The next day’s experience is visiting a market and one of the villages some distance from Harare. The market is similar to what we would call a flea market. Carvings, men’s and women’s clothes, traditional attire, music, household items, food, souvenirs. Of course, I bought a dress for my niece 😉 .
Our group then had a wonderful lunch at a nearby restaurant before making the trip to the village. Vaughn and I were dropped off at the market by some friends so we caught a bus with other brothers and sisters en route to the village. I ended up sitting in the front, above the driver. So I’m looking out of the front window on the second level, taking in all the sights. I dozed off until waking on a dirt road that led to the village. We take this road for quite a while before stopping and being greeted by some of the young children of the village. They are laughing, smiling and waving. Walking up a path leading to the main area, we pass a brick oven which is used create the structures we will soon see.
We are divided into groups and each group starts learning about the village at different areas. We start with the task of plowing a field. After a demonstration of a young boy leading the cow and how to keep the plow straight, Vaughn volunteers to try it out. He does well enough that one of the father’s wanted him to stay in Zimbabwe to help out. Next, we moved to some tasks that many of the women of the village engaged in. These, too, were serious labor. I gave my hand in grinding corn and and making peanut butter. Now that was real organic peanut butter. No chemicals, just peanuts and grinding until you like crunchy or smooth. No sugar, no molasses, no salt, no … whatever else is usually in the brand I buy. I tasted some of this finished product and it was pretty good!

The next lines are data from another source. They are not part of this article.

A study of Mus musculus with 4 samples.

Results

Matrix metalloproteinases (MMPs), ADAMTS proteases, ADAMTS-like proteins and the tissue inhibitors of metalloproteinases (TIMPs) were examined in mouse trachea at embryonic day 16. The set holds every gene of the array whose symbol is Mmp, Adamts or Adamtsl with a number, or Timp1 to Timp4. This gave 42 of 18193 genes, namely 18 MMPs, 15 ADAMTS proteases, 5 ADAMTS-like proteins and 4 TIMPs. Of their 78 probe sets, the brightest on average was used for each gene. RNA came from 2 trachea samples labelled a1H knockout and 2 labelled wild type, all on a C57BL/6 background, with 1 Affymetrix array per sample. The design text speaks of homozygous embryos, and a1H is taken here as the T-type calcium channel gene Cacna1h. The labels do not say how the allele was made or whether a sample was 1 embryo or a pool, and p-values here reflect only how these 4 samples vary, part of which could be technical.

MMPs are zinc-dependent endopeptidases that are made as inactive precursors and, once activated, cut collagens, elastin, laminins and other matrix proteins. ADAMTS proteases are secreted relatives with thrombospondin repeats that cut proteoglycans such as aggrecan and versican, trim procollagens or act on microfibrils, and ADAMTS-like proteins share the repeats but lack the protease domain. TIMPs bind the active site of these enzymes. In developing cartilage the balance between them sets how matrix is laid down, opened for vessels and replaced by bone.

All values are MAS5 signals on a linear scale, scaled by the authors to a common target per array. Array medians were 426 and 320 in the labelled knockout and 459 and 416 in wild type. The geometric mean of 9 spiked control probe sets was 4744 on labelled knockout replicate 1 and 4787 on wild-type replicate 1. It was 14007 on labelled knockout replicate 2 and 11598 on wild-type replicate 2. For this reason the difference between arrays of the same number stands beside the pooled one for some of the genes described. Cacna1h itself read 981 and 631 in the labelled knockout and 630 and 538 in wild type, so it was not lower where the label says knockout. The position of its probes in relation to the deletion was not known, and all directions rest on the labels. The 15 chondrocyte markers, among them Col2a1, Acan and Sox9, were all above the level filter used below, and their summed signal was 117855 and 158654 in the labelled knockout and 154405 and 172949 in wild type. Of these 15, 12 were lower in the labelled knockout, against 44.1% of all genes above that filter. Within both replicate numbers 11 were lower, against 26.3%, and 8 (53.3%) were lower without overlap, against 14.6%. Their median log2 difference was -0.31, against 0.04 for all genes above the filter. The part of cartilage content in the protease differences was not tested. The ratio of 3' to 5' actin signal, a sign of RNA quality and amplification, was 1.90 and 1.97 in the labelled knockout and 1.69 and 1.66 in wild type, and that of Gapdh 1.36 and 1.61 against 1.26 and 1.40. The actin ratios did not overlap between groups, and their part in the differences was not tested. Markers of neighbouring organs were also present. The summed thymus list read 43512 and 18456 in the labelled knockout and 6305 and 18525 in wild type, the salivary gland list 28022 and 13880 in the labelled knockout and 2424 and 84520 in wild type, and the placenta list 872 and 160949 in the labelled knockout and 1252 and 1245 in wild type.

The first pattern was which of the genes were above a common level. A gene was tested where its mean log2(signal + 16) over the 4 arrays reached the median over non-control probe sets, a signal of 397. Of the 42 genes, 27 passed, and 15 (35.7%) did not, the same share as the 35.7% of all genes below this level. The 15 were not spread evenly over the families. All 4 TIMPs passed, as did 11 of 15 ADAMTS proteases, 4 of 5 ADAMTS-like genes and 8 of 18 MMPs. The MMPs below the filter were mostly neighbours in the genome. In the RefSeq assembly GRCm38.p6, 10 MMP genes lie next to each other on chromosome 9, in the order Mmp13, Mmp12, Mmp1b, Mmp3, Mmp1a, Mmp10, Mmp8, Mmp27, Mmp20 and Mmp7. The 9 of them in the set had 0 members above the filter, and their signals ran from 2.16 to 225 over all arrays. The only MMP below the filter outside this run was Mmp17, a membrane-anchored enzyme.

Continuing to kitchen duties, we went to a small building where meals were prepared and cooked. I just realized that long sentence is the definition of a kitchen, lol. Anyway, we pass some of the village animals that end up on plates and we hear how some of the meals are made and proper ways that the women and children handle things in the kitchen awaiting the men to come in from working the fields.
The women also demonstrated carrying pots on their heads. I had seen this earlier in the week of many other things being carried on the head. I gave it a try and did my best just standing in one place! This talent has to be taught from an early age. The balance and appearance of being effortless is amazing.
The village was yet another excellent experience in Zimbabwe. When it was time to leave the village, we were escorted back to our bus enjoying their voices singing in a cappella. The next day will actually be the first day of the Zimbabwe International Convention!